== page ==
When Tata Motors announced the release of the Nano back in January 2008, there was a rush across India as people clamored to fill out order forms for the pint-sized car that, at a shelf price of $2,500, was contracted to be the cheapest in the world.
With a button-sized steering wheel to go with its button-sized tires and a maximum speed of about 55 mph, it's hardly every boy's dream racer. But its price, cutesy foreshortened look, promise of higher fuel efficiency and effective marketing campaign have combined to push the little car toward cult status in India and abroad.
And so it struck this particular travel writer that there was nothing better to do with a glorified rickshaw on four wheels than to take it the length and breadth of its motherland on a road trip to push the city car to its limits and explore the viability of India as a driving destination.
I hadn't been long on the road before I realized that this was a whole different species of road trip. The proof appeared when I found myself trying to extricate an elephant's trunk that had found its way into my car via the open passenger window.
And this happened just hours after I nearly drove off the end of a half-built motorway bridge and had been forced to a complete standstill by an enormous herd of goats upon my retreat.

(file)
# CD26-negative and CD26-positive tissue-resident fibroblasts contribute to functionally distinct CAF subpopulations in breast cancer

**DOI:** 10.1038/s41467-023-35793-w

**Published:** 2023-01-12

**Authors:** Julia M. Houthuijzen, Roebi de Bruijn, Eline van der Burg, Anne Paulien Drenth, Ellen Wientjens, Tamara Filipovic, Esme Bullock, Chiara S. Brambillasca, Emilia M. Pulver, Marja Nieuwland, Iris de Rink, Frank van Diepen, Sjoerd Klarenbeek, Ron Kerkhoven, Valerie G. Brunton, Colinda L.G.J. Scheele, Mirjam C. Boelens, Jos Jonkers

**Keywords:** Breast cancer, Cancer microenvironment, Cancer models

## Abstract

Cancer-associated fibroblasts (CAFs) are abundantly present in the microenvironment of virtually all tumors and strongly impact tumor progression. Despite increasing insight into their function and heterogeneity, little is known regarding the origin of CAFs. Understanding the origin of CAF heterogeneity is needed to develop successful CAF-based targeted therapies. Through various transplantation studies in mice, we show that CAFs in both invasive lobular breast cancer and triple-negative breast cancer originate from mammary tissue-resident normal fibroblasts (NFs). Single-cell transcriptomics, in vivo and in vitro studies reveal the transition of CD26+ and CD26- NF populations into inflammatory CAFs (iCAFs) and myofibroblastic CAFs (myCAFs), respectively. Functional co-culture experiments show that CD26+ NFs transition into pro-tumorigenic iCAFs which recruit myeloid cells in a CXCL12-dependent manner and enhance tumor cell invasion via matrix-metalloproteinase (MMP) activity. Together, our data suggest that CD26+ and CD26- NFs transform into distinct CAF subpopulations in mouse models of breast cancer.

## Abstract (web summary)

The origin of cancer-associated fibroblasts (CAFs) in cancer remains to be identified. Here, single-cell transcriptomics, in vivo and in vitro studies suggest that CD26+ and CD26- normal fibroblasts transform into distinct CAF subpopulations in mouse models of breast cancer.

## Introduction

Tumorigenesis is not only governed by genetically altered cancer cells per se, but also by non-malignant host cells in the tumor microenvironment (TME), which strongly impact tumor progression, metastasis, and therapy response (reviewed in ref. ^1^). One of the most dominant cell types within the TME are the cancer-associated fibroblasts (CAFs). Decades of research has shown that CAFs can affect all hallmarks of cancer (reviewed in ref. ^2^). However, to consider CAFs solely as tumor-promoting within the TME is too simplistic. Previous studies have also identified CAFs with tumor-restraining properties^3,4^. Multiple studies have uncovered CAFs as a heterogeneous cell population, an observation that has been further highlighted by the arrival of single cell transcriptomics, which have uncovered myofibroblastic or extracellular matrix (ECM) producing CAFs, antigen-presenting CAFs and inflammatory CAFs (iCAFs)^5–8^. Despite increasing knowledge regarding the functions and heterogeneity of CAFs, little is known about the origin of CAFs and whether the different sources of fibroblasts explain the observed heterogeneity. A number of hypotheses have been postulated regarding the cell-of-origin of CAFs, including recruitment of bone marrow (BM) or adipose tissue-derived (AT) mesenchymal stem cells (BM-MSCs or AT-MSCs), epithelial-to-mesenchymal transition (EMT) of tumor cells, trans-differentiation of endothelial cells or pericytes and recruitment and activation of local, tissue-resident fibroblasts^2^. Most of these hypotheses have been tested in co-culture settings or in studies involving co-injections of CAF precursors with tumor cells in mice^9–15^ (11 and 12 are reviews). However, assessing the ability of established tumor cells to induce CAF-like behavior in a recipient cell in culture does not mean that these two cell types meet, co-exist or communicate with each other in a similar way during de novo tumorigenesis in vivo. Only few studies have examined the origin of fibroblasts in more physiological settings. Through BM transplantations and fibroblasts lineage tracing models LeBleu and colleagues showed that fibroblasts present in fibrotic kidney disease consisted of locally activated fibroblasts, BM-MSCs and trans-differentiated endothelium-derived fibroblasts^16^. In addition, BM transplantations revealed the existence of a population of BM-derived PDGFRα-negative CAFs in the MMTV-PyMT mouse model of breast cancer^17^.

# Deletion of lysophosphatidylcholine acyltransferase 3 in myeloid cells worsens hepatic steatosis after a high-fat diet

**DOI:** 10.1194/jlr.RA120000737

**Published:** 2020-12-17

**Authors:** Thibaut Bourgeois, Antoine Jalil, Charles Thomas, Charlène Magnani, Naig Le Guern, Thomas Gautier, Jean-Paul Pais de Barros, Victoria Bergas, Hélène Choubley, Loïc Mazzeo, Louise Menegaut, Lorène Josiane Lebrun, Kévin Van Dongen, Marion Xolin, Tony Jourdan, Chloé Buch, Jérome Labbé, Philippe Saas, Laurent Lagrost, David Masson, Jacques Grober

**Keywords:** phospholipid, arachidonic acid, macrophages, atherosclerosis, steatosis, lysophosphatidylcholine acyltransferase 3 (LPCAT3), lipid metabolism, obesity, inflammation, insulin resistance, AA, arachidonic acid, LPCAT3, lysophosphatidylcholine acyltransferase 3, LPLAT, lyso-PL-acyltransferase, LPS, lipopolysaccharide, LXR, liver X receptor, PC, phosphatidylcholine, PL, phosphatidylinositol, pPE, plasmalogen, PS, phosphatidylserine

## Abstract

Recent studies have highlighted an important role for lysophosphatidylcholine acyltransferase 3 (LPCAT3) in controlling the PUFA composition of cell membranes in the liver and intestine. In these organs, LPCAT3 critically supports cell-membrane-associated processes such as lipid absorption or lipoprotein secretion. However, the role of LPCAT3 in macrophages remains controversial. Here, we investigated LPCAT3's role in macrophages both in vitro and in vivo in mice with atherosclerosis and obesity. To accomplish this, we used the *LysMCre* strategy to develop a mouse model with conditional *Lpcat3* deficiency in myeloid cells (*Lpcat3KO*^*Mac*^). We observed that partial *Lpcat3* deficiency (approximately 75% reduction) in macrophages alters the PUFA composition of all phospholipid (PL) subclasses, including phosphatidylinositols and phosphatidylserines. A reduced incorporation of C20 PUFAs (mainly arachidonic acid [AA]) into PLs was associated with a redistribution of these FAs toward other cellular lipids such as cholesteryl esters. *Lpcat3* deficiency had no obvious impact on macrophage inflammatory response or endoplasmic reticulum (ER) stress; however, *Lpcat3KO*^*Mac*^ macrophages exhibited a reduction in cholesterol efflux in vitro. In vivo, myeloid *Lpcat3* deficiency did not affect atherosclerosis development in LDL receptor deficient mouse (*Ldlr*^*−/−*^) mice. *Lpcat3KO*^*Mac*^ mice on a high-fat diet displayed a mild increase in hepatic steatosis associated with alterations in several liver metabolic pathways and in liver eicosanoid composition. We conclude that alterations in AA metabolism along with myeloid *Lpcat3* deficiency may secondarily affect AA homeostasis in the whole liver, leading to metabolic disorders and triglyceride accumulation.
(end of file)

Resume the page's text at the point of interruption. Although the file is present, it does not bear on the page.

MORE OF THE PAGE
Indeed, during the course of the three months that the Nano and I circumvented India in a journey that began and ended in Mumbai and passed through the jungles of the south, the central plains and the northern mountains, I was to discover that driving in the world's second-most populated country was a mixed bag of smooth modern highway cruising and high-octane, rural off-roading.
Coming atop the list of India's best roads were the arteries of the famed Golden Quadrilateral, a newly finished $12 billion highway network that connects the country's major cities. Bottom of the pile were other not-so-completed thoroughfares that, although marked on the maps as highways, nonetheless often -- and without warning -- disintegrated into rocky dirt tracks.
And as the landscapes whizzed by and the landmarks piled up, so did the Nano's fanbase. Everywhere I went, the car was received with a hero's welcome. Even in the most remote villages, children would run in our wake screaming out the two syllables NA-NO over and over again with near-hysterical glee.
Hotels gave us prided parking spots; employees at motorway toll booths stared lovingly; traffic cops waved us on, transfixed; a gasoline station attendant even asked for my autograph one day. And just about everywhere we went, people asked me with barely contained excitement whether I was going to sell the car when I left India, and did I already have a buyer lined up?
Despite much protest and doom-mongering from concerned friends and family regarding the Nano's (and my own personal) capacity to finish such a trip, three months later, the Nano and I rattled back into Mumbai, shaken, stirred and in dire need of a bath.